I thought I would post a few pictures of my shop. I have recently moved and have redone my shop. My new location is much more permanent than before so I finally was able to do more permanent things such as ducted dust collection with homebuilt cyclone separator and 220v power!
The last part was the installation of the dividers and the upholstery work. I used faux suede and covered over 1/4 ply to create bottoms. The dividers were constructed with soft maple and finished with a paste wax. The ring divider was constructed with 1/4 foam rolled to make tubes and then glued to a base of plywood. The fabric was then pushed and glued into the gaps. Here are the final pictures.
The final step in construction was to create the drawers. For this I utilized solid walnut faces veneered with quilted sapele and soft maple drawer sides. I machine cut the dovetails as I wanted to speed along the project and simply did not have the time to handcut all 6 drawers. I made sure to keep the veneer as close to matched as possible between drawer parts so that it appeared to be one continuous piece of wood.
I cut the drawer fronts to match the opening precisely and used veneers as shims to maintain exact spacing. I then cut the rest of the drawers and dovetailed them together. I routed grooves in the side of the drawers to accept a solid walnut piece. On the solid walnut piece I routed a groove that would accept a metal rod to act as a drawer stop. I had to manufacture these in the shop using metal rods and tapping it to fit a brass knurled knob I found at the hardware store. To fit the drawers in the cabinet, I used my favorite method of using double stick carpet tape on the outside of the slide. When the drawer is in the correct position, I simply apply pressure and the tape holds the drawer in place. Because the cabinet already was finished with danish oil and shellac, I used gorilla glue to glue the drawer slides and pinned with a pin nailer.
I then drilled the holes for the knob pulls. Because I didn’t want to see the screw on the inside, I used hanger bolts with loctite to secure the threads and then screwed in the pulls. The walnut should have no problem with pullout. I mounted the top with SOSS hinges so that they would be hidden when the box was closed. I used one door stop to hold the top open and prevent breaking the hinges. I then glued in the beveled edge mirror with mirror mastic.
The next thing I did was to veneer and glue up the opening cabinet sides. This required veneering up panels with birdseye maple and quilted maple solid wood edgings. I mitered the edges and fortified the joint with biscuits and walnut splines. I made my own spline jig from scraps, it was extremely easy to do in about 30 min of time. After everything was glued up, I finished the inside of the outside compartments and the doors with a french polish. I mortised in the knife hinges and assembled the doors to the sides. I then drilled in holes for a bullet catch. The catch came with a strike plate but the tolerances were very tight and I didn’t like the look. So I employed a simple trick to find out the exact point where the bullet stopped at close. I put a piece of masking tape on the receiving side of the cabinet and closed the door. The tape showed this point by being more firmly affixed to the receiving end versus the lightly applied rest of the tape. I drilled a very shallow hole with a large drill bit for a bullet stop rest. I finished it by adding dye to match the walnut veneer.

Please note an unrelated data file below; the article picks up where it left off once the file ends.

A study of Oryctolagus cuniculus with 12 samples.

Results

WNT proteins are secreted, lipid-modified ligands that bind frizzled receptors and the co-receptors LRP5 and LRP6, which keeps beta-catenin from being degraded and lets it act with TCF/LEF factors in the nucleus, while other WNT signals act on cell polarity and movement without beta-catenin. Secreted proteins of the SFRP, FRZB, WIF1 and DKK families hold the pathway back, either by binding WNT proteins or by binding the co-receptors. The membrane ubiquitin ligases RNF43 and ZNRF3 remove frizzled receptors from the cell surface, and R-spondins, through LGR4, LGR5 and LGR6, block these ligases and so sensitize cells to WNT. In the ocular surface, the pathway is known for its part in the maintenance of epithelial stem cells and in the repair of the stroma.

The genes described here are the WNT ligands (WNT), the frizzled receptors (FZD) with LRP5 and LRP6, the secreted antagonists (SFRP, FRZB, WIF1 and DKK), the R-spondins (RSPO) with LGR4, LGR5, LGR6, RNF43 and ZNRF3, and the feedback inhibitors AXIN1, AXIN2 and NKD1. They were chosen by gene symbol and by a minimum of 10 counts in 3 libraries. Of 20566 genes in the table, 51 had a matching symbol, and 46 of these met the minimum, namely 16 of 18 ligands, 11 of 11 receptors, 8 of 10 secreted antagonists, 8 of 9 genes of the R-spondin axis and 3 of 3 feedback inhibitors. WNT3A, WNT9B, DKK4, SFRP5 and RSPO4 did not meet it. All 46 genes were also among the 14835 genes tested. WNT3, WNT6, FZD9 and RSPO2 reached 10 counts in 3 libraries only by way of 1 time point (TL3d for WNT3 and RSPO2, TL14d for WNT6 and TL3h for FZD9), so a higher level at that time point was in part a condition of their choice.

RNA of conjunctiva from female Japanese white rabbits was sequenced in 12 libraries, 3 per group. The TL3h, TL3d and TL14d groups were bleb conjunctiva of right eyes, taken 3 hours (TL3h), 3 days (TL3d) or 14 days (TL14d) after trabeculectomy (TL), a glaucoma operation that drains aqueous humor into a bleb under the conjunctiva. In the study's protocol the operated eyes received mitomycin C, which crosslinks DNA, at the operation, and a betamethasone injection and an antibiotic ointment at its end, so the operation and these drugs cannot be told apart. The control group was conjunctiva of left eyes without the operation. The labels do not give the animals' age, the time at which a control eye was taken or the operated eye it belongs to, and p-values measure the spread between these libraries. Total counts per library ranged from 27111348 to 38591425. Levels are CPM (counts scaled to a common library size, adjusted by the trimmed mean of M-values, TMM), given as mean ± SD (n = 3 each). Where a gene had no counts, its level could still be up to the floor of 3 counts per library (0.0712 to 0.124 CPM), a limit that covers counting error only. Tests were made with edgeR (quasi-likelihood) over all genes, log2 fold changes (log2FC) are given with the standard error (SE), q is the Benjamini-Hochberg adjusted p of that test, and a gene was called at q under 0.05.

The next step is to create the top box portion. This was with solid curly maple with mitered and biscuited construction. It utilizes the top of the cabinet for the bottom. I fixed it to the top utilizing pocket screws. I created the top of the box with 1/2 plywood veneered with quilted sapele and backer curly maple. I then framed with solid curly maple.
At this point, the cabinet was basically complete.
Continuing from the first post, I went about constructing this design. the first step was to make the solid wood base. I did so with curly maple lumber. I glued up stock thick enough for the legs to curve and taper them. Before cutting the legs, I cut the mortises. Post mortising, the legs were rough cut on the bandsaw. I cleaned up the sawmarks with a simple drum sander. I applied a dye mixture to add some color to the base. The base was then finished with pad applied shellac and a wax topcoat.
The next step was to begin veneering the panels to be used for the cabinet pieces. I used a good quality 3/4 plywood and veneered both sides and with multiple different veneers. To make doing a profile on the edges possible, I framed each component on visible areas with solid wood walnut.
My latest project has been to design and build a jewelry armoire for a client. The idea was to create something very functional, elegant, and with sophistication while balancing the fine line between modern, craftsman, and art deco. For the critical design considerations, this box should be approximately chest height so as to meet face level with the mirror, hold 100 necklaces, and have room for about 150 individual pieces and have a ring roll.
I included in the design 6 drawers with solid wood separators. I wanted to highlight various natural woods and used curly maple for the legs and top. The sides of the box utilize knife hinges for strength with the bonus of them being more or less hidden.
I chose to use various veneers for the project – walnut burl and straight walnut, quilted sapele, curly maple, etimoe, and birdseye maple. part of the design was to use the contrast from these woods to make statements. Looking from the top down, you should basically seed the dark woods of the walnut burl and in the center the quilted sapele framed by the very light curly maple. From the front, you see the contrast of light on top, bottom, and sides with a dark center chest of drawers.